The Quick Way to Bank Profitability
If the roots of today’s financial crisis were economic in nature, the vital signs to monitor would be such financial measures as the stock market, unemployment levels, and interest rates.
However, a growing chorus of commentators believe that today’s dysfunctional financial system is ultimately a symptom of a political problem. As in, who makes the rules?
So, before investment banks could leverage their bets 35:1, the SEC had to give its ok; before AIG could write billions (trillions?) in exotic credit insurance, regulators had to look the other way; before Citigroup, Bank of America and others could bury hundreds of billions in liabilities in off-balance sheet entities, the Financial Accounting Standards Board (“FASB”) had to allow it.
As President Obama has said, the dirty little secret of today’s financial crisis isn’t how many laws were broken . . but how few.
“Does This Impress . . . Floyd Norris?”
So, have trillions in Wall Street losses and bad bets (so far) weakened bankers’ control over regulators? Hardly.
Here’s the latest from Floyd Norris, the chief financial correspondent of The New York Times — not just the unofficial dean of financial journalists, but as impeccable and unimpeachable a commentator as you’ll find anywhere:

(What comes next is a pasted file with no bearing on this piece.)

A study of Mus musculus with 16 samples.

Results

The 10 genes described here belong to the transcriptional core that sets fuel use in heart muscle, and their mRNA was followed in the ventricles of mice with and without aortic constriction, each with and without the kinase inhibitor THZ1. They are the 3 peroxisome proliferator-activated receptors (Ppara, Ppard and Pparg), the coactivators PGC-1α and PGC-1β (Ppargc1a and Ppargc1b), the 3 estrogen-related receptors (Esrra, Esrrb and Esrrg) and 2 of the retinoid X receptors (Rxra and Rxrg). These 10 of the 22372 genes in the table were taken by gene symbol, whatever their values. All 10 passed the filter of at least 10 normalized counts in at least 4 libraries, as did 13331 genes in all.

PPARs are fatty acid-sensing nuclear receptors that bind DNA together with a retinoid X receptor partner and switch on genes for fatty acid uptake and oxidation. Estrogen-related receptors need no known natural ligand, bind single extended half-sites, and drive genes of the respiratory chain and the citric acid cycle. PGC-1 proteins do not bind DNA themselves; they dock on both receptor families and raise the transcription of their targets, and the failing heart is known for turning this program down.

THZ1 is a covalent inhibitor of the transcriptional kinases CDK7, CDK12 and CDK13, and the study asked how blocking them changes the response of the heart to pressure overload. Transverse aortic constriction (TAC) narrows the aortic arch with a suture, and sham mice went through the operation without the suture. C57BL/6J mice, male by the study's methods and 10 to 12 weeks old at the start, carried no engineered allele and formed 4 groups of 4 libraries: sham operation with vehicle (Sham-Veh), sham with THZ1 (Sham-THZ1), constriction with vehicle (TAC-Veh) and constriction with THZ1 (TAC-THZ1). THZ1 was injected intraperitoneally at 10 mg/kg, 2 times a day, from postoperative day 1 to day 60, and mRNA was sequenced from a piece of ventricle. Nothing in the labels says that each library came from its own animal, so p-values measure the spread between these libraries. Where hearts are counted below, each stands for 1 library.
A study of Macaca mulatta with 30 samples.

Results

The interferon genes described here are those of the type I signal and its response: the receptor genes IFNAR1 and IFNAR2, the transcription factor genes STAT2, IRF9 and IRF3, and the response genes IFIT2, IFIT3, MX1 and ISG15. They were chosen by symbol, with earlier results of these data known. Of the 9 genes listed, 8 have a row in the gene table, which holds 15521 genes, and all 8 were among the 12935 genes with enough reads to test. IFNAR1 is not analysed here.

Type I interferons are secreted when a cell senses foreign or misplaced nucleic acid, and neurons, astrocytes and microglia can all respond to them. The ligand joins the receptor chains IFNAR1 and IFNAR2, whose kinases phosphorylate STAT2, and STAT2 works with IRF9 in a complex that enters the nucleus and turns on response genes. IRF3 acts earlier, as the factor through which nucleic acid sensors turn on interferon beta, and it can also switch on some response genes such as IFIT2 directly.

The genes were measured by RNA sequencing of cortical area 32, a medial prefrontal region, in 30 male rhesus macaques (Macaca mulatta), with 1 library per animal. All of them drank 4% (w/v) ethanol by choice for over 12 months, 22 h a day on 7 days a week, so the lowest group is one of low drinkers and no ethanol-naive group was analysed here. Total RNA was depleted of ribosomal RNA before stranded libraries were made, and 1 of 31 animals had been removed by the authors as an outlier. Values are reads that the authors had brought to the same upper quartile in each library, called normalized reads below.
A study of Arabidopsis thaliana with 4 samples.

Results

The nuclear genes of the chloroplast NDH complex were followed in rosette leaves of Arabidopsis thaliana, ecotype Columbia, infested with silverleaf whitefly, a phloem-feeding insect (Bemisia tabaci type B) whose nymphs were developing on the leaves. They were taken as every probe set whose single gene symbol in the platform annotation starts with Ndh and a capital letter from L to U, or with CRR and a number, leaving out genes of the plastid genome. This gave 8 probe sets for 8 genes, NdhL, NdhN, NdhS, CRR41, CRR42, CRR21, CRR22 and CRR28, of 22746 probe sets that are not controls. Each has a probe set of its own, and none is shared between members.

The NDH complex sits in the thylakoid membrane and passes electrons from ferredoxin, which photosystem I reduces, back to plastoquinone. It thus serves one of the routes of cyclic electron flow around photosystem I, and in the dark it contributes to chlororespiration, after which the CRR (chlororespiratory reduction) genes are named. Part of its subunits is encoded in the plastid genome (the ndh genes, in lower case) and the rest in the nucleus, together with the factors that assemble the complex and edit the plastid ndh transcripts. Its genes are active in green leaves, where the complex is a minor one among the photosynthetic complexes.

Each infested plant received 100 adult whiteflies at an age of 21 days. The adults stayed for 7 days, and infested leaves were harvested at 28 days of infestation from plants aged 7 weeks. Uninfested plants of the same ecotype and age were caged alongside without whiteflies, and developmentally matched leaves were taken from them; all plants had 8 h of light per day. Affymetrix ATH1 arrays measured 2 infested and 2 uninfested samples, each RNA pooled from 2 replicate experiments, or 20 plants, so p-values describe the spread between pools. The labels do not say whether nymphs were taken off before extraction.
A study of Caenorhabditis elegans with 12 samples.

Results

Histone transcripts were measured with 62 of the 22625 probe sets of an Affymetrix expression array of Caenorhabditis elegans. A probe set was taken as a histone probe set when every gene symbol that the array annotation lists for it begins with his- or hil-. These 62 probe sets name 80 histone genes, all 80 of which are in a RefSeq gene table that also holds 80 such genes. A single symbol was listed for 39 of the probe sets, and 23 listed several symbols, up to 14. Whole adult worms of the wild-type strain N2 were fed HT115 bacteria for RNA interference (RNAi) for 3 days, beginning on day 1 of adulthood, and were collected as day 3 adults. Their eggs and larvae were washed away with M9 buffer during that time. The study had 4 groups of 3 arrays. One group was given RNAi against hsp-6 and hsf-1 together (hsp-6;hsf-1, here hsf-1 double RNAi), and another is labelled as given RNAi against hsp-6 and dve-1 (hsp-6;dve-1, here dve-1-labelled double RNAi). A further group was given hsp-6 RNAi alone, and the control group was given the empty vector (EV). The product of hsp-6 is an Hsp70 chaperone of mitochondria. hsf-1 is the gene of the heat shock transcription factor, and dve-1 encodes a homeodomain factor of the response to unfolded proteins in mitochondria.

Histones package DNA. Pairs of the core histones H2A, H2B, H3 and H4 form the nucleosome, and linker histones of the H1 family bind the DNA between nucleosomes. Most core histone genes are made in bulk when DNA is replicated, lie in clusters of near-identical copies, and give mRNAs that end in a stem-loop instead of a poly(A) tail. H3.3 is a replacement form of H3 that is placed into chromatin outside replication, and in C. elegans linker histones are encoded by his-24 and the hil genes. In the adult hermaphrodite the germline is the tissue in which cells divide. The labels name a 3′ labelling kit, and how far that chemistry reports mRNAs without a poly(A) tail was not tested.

The world of accounting rulemaking is normally a staid and slow-moving one, with the board offering detailed rationales for changes and giving interested parties months to comment on them. Most comment letters come from people well versed in the accounting literature, arguing points that can seem arcane even if they could have a major impact on financial reports.
The process this time has been different in almost every respect. The board allowed only 15 days for comments, and said it would act after taking just a day to review the comments. Those comments arrived by the hundreds, including bitter reactions from investors. “Market value is market value. Stop letting the financial industry call a duck a whale,” stated an e-mail message signed by Diane Walser. “Who will benefit?” asked Roy Bell. “Only the very ones who already broke all the rules and have brought destruction to the world as we know it.”
–Floyd Norris, “Banks Are Set to Receive More Leeway on Asset Values“; The New York Times (3/31/09)
Leaving all the arcane accounting aside, the basic issue is whether the banks must write down their assets to market value, or use more subjective criteria (their own). The latter approach has been called, deservedly, “mark to management.”
Suffice to say, the banks are prevailing.
The Tonight Show has a running bit, called “Does This Impress Ed Asner?,” in which amateurs perform kitschy routines to try to win Mr. Asner’s approval.
I propose my own version for the financial markets: “Does This Impress . . Floyd Norris?”
The banking industry’s latest trick — anything but the work of amateurs — decidedly does not (disgust is more like it).